Hotel F&B Observer Blog

Hotel food and beverage professionals share experience, skills and commentary. These hotelier blogs reflect a variety of unique career perspectives and real-life workplace stories, observations and opinions.

Food Quantity Versus Food Quality

About a month ago, I was able to get away on a cruise for a few days. I have been cruising before but, for some reason, this time I paid particular attention to the other passengers on the ship. Specifically, I paid particular attention to their eating habits.

For those of you who have not been on a cruise , the variety and volume of food is incredible. I personally enjoy the fact that I can try so many different things. On this trip I noticed that a number of my fellow passengers had an entirely different mindset when it came to this.

On the first day of the cruise, I enjoyed a buffet lunch. As I was in line, I noticed people in front of me piling food on their trays as though they were hibernating for the winter: two pounds of salad, a loaf of bread with a pound of butter, a pound of potatoes, two pounds of meat and some greens (probably so they felt as though they were eating healthy…you know…like someone ordering Diet Coke at McDonald’s). Besides the fact that they were consuming their daily-recommended caloric intake five times over, I thought to myself, “Do they know what they are eating?” “Do they appreciate the fact that they are trying dishes from all over the world?” “Do they appreciate the flavors, tastes and labor that went into making the dishes they are consuming?”

In our country, you notice that all-you-can-eat operations thrive in some parts of the country while they can’t keep their doors open for a few days in other parts of the country. This usually parallels to the parts of the country that ask for their steak to be cooked to a specific temperature versus other parts of the country where their meat is either cooked or not cooked. A lot of this really boils down to people being focused on the quantity of food versus the quality of food.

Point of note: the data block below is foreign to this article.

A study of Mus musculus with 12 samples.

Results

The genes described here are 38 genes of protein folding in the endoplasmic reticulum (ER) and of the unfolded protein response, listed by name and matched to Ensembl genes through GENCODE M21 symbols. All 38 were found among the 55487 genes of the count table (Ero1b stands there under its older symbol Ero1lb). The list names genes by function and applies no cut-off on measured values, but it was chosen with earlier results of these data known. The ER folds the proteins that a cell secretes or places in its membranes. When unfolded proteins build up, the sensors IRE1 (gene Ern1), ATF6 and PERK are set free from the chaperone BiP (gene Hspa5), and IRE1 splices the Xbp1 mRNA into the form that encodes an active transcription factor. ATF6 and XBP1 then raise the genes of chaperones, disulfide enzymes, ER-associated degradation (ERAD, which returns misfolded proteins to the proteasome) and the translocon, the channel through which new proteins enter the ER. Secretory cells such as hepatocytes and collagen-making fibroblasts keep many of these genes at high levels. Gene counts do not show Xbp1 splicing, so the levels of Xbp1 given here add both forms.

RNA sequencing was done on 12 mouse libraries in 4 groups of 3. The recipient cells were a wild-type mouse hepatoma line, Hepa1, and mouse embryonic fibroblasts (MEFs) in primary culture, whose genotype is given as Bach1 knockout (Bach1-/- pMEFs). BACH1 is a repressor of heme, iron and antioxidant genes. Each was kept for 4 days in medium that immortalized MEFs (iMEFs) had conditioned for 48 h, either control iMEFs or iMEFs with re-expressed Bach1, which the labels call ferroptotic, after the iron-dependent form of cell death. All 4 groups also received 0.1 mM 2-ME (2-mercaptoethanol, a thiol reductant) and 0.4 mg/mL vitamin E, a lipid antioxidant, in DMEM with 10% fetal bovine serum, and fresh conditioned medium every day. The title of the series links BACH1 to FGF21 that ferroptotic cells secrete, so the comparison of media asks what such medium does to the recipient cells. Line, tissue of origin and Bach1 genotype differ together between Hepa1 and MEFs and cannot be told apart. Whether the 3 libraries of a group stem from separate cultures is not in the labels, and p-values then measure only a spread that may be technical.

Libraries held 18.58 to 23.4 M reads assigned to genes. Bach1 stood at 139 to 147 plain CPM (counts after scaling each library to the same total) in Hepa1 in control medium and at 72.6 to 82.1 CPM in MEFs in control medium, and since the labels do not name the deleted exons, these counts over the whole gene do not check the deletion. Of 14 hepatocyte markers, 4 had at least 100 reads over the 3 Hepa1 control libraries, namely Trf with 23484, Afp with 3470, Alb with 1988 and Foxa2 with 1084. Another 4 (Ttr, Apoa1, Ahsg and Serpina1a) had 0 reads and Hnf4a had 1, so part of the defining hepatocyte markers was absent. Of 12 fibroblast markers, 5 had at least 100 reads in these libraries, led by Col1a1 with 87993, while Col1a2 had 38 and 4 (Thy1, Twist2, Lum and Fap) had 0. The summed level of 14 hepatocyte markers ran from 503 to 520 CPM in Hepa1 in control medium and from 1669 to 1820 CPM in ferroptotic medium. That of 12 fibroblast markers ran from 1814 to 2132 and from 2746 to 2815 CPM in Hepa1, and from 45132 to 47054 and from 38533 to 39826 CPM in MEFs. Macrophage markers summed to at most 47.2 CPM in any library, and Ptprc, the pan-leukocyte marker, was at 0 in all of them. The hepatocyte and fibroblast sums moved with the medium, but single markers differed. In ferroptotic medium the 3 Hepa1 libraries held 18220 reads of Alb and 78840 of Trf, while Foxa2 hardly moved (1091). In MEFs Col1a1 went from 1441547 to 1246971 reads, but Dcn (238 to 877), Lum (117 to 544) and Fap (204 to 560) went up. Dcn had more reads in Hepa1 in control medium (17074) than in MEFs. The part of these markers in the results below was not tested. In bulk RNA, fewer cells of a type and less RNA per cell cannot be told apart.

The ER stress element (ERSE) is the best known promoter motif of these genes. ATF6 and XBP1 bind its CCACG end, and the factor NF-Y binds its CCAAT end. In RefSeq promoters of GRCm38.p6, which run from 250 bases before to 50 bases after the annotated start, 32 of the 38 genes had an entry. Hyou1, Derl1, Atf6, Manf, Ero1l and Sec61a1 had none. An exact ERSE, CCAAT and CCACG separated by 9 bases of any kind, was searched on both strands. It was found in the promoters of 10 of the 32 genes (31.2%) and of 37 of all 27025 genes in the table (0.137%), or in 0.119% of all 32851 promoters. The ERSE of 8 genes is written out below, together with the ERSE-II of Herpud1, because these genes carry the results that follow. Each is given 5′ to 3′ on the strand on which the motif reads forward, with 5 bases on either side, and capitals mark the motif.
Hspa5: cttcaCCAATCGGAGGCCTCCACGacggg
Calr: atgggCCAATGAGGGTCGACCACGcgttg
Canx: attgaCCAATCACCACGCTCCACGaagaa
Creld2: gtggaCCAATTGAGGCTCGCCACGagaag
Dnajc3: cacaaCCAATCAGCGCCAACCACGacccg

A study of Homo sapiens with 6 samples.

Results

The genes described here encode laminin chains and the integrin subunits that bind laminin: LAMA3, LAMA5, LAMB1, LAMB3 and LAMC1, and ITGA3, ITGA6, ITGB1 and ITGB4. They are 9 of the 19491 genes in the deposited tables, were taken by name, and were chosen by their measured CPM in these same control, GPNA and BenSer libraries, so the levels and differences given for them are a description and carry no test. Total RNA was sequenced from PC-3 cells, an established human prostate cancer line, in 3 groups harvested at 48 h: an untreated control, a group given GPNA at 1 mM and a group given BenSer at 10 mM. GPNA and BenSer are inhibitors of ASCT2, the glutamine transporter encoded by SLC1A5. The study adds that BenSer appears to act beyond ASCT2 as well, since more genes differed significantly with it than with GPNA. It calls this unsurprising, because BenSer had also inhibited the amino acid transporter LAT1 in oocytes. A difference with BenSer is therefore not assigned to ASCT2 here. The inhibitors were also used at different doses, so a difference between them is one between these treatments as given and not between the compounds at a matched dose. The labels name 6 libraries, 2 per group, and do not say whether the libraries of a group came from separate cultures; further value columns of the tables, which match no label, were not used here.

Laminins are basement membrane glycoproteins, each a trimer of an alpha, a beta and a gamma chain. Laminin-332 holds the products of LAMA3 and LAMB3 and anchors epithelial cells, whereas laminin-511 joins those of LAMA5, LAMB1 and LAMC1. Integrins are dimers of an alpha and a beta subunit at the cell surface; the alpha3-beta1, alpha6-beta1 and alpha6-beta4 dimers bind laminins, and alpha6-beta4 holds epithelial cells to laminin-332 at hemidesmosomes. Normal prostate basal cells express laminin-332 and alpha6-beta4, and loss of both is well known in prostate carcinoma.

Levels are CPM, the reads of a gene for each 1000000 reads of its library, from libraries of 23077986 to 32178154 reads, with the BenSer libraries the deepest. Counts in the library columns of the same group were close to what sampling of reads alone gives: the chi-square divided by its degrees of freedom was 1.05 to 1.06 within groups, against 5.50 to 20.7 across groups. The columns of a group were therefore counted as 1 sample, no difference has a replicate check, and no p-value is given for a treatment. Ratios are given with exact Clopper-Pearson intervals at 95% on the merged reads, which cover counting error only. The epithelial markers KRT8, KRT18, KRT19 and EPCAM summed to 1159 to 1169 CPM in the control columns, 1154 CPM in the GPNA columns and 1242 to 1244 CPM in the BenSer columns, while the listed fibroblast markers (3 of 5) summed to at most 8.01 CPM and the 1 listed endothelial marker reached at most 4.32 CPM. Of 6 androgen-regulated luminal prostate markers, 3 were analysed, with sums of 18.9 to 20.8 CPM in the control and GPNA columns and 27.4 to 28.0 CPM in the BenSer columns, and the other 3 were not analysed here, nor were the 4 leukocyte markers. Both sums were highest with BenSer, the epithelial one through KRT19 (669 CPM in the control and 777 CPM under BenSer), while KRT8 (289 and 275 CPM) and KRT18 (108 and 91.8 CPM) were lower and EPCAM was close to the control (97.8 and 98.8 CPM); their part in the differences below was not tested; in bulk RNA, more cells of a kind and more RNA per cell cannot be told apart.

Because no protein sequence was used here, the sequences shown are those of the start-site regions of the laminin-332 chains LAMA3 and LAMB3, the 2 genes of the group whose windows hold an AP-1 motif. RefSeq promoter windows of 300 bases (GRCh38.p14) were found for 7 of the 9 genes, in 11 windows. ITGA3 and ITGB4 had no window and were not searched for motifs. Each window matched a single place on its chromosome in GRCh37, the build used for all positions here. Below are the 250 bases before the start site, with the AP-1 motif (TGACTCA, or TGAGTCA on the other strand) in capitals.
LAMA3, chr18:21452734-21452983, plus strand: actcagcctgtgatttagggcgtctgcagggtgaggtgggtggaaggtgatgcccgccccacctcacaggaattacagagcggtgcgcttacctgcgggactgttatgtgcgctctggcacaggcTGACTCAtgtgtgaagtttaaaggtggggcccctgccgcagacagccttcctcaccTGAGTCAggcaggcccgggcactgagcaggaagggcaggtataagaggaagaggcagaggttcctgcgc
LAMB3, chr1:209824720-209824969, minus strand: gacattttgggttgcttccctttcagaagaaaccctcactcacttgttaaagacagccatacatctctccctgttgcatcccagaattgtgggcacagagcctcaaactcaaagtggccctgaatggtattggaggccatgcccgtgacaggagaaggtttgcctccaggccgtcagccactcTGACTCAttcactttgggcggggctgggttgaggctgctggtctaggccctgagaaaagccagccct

This is how I see it. I would be curious to hear from others as to what their experiences are with this. Are your customers concerned with the quality of food you put out, or are they more concerned with getting the most for their money?



The headline read: “Captain and 5 crew charged in Greek ferry sinking” (Reuters 2007/04/07).

The Sea Diamond running aground in the inlet of the isle of Santorini was perhaps a very fortunate accident, because it did not happen out at sea. The picturesque isles of Greece are what make these cruises so popular, and the views are spectacular. If you have taken an Alaskan Cruise or a cruise across the Panama Canal, it would be similar to taking a cruise in the Greek Isles. These breathtaking views are what make these cruises memorable and make most passengers want to come back.

How fitting it is to talk about “Cruise Ship Savvy” on the anniversary of the RMS Titanic, which on the infamous and ill-fated voyage on the night of April 14, 1912 around 23:40 struck an iceberg and went down in the freezing water of the North Atlantic. The numbers vary from country to country investigating the incident, but out of the 2200 or 2208 passengers and crew, only 700 to 705 survived; the other 1500 or so perished either from accidents, fire, drowning, or from the freezing water of the Atlantic.

Cruise ship officers and crew go through rigorous training, and the passengers have orientation on their voyage either the same day or within 24 hours of embarkation. But would you know what to do in the event of an emergency on a cruise ship? There is a fire and safety drill that everyone must attend, passengers and crew members alike. The crew members are usually assisting the passengers to find their way to their assigned areas for the drill. It is imperative that all passengers familiarize themselves with the emergency procedures of the vessel and be aware of their assigned places should there be an emergency.